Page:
The Pension Protection Fund’s war chest grew to £12.1bn as of March this year, up from £11.7bn in the previous financial year, according to annual accounts published on Thursday.
The increase was largely driven by rising interest rates that have had the effect of reducing the calculated liabilities of the scheme. Any levy reduction will ease the burden on businesses, which typically pay the insurance on behalf of their retirement plans.
“For the first time in our history, our reported reserves now exceed the combined deficit of the schemes we protect,” said the report. “This represents a material change in the risk profile of the schemes we protect.”
While the PPF’s assets fell from £39bn to £32.5bn in the year to March 2023, this slump was offset by a deeper 25 per cent fall in estimated liabilities.
The lifeboat scheme’s position was bolstered by a corresponding improvement in the financial health of the 5,100 defined benefit (DB) schemes it protects, serving about 10mn members. DB schemes pay retirement income based on salary and length of service.
The PPF estimated that the combined deficit of those plans fell from £60bn to £6bn, according to the report.
Oliver Morley, chief executive of the PPF, said there were likely to be further cuts to the annual insurance levy next year. The PPF estimated it will collect about £200mn in levy this year, down from £390mn last year.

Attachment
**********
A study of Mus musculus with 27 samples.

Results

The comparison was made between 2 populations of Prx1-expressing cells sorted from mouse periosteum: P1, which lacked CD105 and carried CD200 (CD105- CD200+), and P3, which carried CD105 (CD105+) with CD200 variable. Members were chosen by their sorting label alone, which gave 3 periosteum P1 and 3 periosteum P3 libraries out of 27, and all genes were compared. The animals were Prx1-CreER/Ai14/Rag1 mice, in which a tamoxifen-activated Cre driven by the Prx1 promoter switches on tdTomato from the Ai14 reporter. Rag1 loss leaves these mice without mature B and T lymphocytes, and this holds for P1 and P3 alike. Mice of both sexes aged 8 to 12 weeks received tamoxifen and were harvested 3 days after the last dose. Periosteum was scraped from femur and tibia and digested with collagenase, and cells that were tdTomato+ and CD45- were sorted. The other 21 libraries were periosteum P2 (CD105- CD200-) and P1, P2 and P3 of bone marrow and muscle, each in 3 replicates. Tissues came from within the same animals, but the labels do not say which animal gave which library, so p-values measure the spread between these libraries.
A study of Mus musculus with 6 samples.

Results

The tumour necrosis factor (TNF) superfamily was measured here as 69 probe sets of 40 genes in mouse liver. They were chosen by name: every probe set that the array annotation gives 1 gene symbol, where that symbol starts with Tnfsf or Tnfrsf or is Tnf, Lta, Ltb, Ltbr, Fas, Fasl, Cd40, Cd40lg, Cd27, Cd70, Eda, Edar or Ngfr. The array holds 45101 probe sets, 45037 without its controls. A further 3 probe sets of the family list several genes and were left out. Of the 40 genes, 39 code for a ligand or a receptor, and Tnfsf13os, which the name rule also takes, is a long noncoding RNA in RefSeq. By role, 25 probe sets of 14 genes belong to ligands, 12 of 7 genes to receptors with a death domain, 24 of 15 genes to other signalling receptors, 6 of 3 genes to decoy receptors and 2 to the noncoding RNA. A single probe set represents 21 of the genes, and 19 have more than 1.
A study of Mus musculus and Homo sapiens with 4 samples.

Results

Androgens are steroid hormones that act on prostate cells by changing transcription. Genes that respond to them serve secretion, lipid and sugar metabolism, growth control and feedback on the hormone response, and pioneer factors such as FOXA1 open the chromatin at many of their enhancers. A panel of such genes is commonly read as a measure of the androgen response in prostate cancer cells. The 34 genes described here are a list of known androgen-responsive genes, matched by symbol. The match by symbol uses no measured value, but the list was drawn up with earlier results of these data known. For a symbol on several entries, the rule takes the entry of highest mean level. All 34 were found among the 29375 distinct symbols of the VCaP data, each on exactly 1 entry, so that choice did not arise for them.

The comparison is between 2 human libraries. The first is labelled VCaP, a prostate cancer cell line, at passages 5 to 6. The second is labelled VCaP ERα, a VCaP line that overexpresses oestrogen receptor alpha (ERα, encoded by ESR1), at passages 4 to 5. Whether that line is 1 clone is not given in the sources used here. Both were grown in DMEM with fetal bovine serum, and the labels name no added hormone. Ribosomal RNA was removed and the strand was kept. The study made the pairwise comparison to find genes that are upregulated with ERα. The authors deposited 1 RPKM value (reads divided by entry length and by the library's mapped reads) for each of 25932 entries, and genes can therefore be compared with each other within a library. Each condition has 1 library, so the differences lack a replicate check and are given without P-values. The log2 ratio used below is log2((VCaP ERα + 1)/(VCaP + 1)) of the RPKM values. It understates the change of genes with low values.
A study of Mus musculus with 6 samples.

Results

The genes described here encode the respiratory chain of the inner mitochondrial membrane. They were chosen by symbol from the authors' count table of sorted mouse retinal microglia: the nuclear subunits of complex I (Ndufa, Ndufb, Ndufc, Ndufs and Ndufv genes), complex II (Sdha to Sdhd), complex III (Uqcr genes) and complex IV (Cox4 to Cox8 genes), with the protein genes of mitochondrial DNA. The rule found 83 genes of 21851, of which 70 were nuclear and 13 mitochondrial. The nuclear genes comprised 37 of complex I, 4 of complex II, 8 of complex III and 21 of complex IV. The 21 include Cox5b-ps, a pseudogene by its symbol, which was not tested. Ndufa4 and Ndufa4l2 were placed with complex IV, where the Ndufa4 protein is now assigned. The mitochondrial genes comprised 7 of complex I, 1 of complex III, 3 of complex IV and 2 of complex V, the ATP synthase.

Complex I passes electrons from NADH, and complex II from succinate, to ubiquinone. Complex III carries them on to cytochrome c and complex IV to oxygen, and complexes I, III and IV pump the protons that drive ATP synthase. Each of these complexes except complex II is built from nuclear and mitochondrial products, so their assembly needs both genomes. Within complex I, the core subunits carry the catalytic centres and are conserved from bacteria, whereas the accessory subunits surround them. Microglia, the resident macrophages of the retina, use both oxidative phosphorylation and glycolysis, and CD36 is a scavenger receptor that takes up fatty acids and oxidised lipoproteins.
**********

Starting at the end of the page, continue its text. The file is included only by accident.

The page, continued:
Private sector DB schemes are obliged to pay an annual levy to the PPF to cover compensation for pensioners if the company fails and can no longer back the scheme.
“We’ve [already] cut levy in half,” Morley told the Financial Times in an interview. “You’re not seeing anyone else cutting prices at the moment.”
He said the levy rate for the next year was still being finalised but he expected the reduction “will be again, significant”.
The publication of the annual report came as the government considers widening the role of the PPF to become a consolidator of healthy DB pension plans. This would potentially expand the pool of assets the PPF, a public corporation, could invest to boost UK growth.
“It’s important that with the wider policy debate on the PPF, that we are not changing our investment strategy, yet,” Morley said. “We still need to make sure that we are capable of meeting all claims under all circumstances.”
He would not be drawn on the options the government was considering but said: “We stand ready to serve, and see there’s a lot to be said for consolidation and scale.”
The fund’s rosier position comes as it continues to receive complaints from members not getting inflation-matched rises on their compensation, as the cost of living crisis continues to erode income.
Hundreds of thousands of pensioners who have benefits built after 1997 are limited to annual increases of 2.5 per cent. However, the oldest pensioner members, with pensions built before 1997, are not entitled to any increases in their benefits.
The government sets the rules on compensation for PPF members but the PPF board has some discretion over increases for post-1997 benefits.
Morley, who received a bonus of £50,000 to £55,000 over the year, according to the report, said that any changes based on inflation rises were “for government to make a decision on”.